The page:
There are several factors to consider before planting a date seed in your back yard. Dates grow on large palms that may reach 100 feet in height or more with canopies that span 40 feet. And date palms do not self-fertilize so you must have a yard large enough to contain two of these beauties if you want the female to bear fruit. If the female is successfully fertilized, you will have to wait between six and 16 years for it to bear its first crop of dates.
Fill a container with room temperature water and submerge the seed in it. Allow it to soak for 7 days. Change the water daily.
Fill a 6-inch clay pot with a mixture of 1 part perlite and 1 part peat moss to within 1/2 inch of its lip.
Plant the date seed vertically in the soil at a depth that is equal to its diameter.
Water the soil until you see water dripping out of the drainage holes in the bottom of the pot. Keep the soil moist until a week or so after the date seed germinates. Never let the soil dry out, but do not soak it. There should never be standing water on the surface of the soil.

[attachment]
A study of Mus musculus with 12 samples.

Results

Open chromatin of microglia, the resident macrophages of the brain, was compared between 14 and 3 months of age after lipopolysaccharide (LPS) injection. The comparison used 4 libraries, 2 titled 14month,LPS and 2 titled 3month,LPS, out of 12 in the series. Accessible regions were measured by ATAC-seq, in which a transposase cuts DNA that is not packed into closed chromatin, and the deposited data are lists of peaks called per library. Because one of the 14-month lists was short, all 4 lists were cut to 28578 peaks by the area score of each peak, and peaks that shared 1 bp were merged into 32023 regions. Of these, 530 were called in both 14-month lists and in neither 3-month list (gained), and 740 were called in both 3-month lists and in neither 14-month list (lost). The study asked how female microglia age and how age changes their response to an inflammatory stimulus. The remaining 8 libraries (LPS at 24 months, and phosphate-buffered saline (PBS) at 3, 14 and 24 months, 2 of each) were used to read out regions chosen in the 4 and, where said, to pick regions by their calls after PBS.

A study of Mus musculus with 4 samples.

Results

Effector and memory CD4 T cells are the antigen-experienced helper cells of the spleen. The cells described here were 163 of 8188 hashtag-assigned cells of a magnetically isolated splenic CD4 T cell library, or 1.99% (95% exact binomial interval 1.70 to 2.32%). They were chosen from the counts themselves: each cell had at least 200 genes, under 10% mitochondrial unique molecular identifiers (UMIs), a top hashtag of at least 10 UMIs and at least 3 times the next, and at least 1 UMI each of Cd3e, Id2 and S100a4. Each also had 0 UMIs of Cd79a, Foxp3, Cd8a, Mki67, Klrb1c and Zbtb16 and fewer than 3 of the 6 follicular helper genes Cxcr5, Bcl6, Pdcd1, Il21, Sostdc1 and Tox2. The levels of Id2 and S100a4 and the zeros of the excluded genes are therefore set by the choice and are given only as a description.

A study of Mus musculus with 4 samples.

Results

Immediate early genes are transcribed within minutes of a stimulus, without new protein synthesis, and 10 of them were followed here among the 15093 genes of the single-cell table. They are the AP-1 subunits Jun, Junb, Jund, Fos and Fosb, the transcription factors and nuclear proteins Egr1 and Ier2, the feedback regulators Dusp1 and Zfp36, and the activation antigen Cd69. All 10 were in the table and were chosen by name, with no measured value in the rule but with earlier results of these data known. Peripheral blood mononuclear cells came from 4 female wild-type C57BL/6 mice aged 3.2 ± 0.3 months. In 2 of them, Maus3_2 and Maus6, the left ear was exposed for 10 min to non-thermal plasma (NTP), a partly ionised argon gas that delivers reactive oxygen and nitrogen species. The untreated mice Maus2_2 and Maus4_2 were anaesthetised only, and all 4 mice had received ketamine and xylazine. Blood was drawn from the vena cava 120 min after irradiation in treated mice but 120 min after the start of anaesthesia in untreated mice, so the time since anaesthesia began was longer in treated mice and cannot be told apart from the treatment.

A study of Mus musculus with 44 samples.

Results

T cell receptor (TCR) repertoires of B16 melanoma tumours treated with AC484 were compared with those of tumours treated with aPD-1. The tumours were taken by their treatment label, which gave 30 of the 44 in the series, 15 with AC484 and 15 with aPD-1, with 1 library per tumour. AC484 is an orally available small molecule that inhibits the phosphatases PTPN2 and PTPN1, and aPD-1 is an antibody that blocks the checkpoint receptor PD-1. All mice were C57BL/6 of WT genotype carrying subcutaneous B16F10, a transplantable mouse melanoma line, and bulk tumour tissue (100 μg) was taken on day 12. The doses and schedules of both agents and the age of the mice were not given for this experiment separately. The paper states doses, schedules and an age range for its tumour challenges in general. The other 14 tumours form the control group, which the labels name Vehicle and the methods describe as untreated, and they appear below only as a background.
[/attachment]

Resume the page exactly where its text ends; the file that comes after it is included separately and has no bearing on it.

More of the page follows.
Cover the top of the pot with clear plastic wrap to help the soil retain moisture and heat.
Place the pot in a greenhouse or near a sunny window (the pot may be placed out of doors if the weather is warm enough) where it will receive full sun and the temperature remains between 70 and 100 degrees Fahrenheit at all times. The seed should germinate within three weeks.
Things You Will Need
- Clay pot
- Peat moss
- Watering can
- Plastic wrap
- Date palms grow slowly and can survive in a container for years until they become too large for your home and must be planted out of doors.
- If you harvest your seed from fresh dates, remove all traces of the flesh from the seed before planting.
- Date palms can be grown out of doors in USDA growing zones 9 through 11.
- Date palms are ready to be transplanted out of doors once they have grown in their containers for one year. Most are planted in spring or fall, but in warm climates they may be transplanted year round.
- There is no way to tell whether a seed is male or female until roughly 10 years after it is planted, when it bears fruit.
- Date palms are heterozygous and are unlikely to retain the characteristics of their parent plants or fruit.